Published: Thu, June 15, 2017
Global News | By Stacy Ballard

DUP hopeful of deal with Conservatives sooner rather than later, says Foster


"What we are doing in relation to the productive talks that we are holding with the Democratic Unionist Party is ensuring that it is possible to, with their support, give the stability to the UK Government that I think is necessary at this time".

Britain's Prime Minister Theresa May leaves after a meeting with the Leader of Northern Ireland's Democratic Unionist Party (DUP) Arlene Foster at 10 Downing Street after the general election in London, Tuesday, June 13, 2017.

The meeting is taking place to see if an alliance can be created to push through the Conservative Party's agenda after a disastrous snap election left her short of a majority in Parliament.

Major urged May to reconsider leading a minority government instead, saying it is "an option well worth considering".

It was thought the Brexit-supporting Mrs Foster was seeking assurances from Mrs May that she will pursue a softer exit from the European Union as part of her demands.

May will then travel to Paris for a working dinner with French President Emmanuel Macron before the two leaders attend a friendly football match between England and France at the national stadium in Paris.


He added: "Scotland has elected Labour MPs in good numbers and has voted Labour in good numbers and I am very enthusiastic and very optimistic about the future".

That had been scheduled to lead to a state opening of the new session of parliament next month when Queen Elizabeth II outlines the proposals May's government intend to put forward.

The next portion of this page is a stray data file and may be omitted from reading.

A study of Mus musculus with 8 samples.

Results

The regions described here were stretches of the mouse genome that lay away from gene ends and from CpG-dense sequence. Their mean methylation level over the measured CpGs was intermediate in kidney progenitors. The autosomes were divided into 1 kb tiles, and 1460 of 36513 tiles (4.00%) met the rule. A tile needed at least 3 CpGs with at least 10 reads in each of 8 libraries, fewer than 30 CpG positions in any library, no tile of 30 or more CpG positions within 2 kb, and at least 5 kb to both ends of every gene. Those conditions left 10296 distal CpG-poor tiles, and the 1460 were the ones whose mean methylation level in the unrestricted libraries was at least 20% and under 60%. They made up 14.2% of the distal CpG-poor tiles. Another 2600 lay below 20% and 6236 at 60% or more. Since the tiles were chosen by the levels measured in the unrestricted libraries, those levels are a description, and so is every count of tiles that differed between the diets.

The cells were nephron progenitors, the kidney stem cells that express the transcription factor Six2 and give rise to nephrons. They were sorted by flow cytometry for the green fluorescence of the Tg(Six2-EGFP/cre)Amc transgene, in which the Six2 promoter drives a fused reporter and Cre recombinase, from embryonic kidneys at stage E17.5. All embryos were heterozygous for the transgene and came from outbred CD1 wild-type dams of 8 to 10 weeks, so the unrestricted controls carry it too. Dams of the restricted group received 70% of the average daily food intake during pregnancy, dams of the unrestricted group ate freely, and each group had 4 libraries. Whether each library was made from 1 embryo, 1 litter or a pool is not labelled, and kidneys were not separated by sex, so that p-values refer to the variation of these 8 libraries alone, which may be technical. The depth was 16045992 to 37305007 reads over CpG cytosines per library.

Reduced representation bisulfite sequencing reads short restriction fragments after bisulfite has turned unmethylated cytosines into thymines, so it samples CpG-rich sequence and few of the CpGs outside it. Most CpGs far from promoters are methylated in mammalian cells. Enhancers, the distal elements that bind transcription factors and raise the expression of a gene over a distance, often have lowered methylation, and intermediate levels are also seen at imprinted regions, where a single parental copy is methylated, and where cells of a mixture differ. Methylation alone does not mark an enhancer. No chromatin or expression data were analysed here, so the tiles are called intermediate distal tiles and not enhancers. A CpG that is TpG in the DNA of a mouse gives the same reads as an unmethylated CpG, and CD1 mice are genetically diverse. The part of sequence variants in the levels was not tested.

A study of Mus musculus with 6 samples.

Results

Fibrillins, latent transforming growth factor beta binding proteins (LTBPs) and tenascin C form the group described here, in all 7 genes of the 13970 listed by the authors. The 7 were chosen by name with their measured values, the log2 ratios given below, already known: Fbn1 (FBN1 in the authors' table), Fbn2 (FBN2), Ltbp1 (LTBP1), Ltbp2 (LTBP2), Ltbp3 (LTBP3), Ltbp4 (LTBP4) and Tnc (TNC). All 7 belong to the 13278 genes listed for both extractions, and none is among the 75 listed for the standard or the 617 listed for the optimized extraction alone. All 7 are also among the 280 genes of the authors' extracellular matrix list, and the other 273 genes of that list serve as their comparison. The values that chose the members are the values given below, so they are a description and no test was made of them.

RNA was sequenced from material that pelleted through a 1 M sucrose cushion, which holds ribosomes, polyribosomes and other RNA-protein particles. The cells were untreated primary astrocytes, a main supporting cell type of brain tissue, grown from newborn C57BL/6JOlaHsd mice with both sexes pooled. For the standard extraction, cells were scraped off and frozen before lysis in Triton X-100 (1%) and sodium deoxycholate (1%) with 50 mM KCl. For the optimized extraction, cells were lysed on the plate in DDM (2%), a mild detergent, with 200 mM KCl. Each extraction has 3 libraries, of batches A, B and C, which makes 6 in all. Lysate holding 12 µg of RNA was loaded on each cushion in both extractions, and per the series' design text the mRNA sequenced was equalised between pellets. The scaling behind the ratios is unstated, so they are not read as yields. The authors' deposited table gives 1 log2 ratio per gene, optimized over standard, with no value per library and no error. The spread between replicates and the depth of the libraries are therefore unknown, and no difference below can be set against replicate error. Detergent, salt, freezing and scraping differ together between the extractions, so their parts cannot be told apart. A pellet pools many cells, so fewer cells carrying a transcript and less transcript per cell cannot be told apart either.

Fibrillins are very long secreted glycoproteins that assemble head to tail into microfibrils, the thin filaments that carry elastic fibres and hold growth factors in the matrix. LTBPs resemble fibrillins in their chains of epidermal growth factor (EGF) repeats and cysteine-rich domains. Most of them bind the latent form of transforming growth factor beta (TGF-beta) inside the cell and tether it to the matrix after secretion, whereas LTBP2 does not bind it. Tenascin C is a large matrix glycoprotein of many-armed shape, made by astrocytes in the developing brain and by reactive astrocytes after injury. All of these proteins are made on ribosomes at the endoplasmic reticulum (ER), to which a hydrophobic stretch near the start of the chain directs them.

But now a number of senior Conservative figures say a Brexit deal, which leaves the United Kingdom inside the Single Market or the Customs Union is preferable.

The DUP head told ITV News she had "some very good discussions" with Mrs May and was hopeful of reaching a conclusion "sooner rather than later".

The same newspaper published a column Tuesday by former Tory leader William Hague in which he called not for a collation government, but for a coalition approach to the Brexit negotiations.


With British politics thrust into the deepest turmoil since last June's shock Brexit vote, European Union leaders were left wondering how the divorce talks would open next week.

Whatever deal may be concocted between May and the DUP, there will be no strength or stability in such a government-which is why the right wing of the Labour Party is running up a flag for cross-party cooperation. They also oppose any "hard border" being re-established between the north-which remains part of the UK-and the Republic of Ireland, which is an European Union member-as a result of the European Union talks.

He said the peace process is "fragile" and could fall apart if the British government is no longer "impartial".

A senior Conservative source said: "We are making a lot of progress".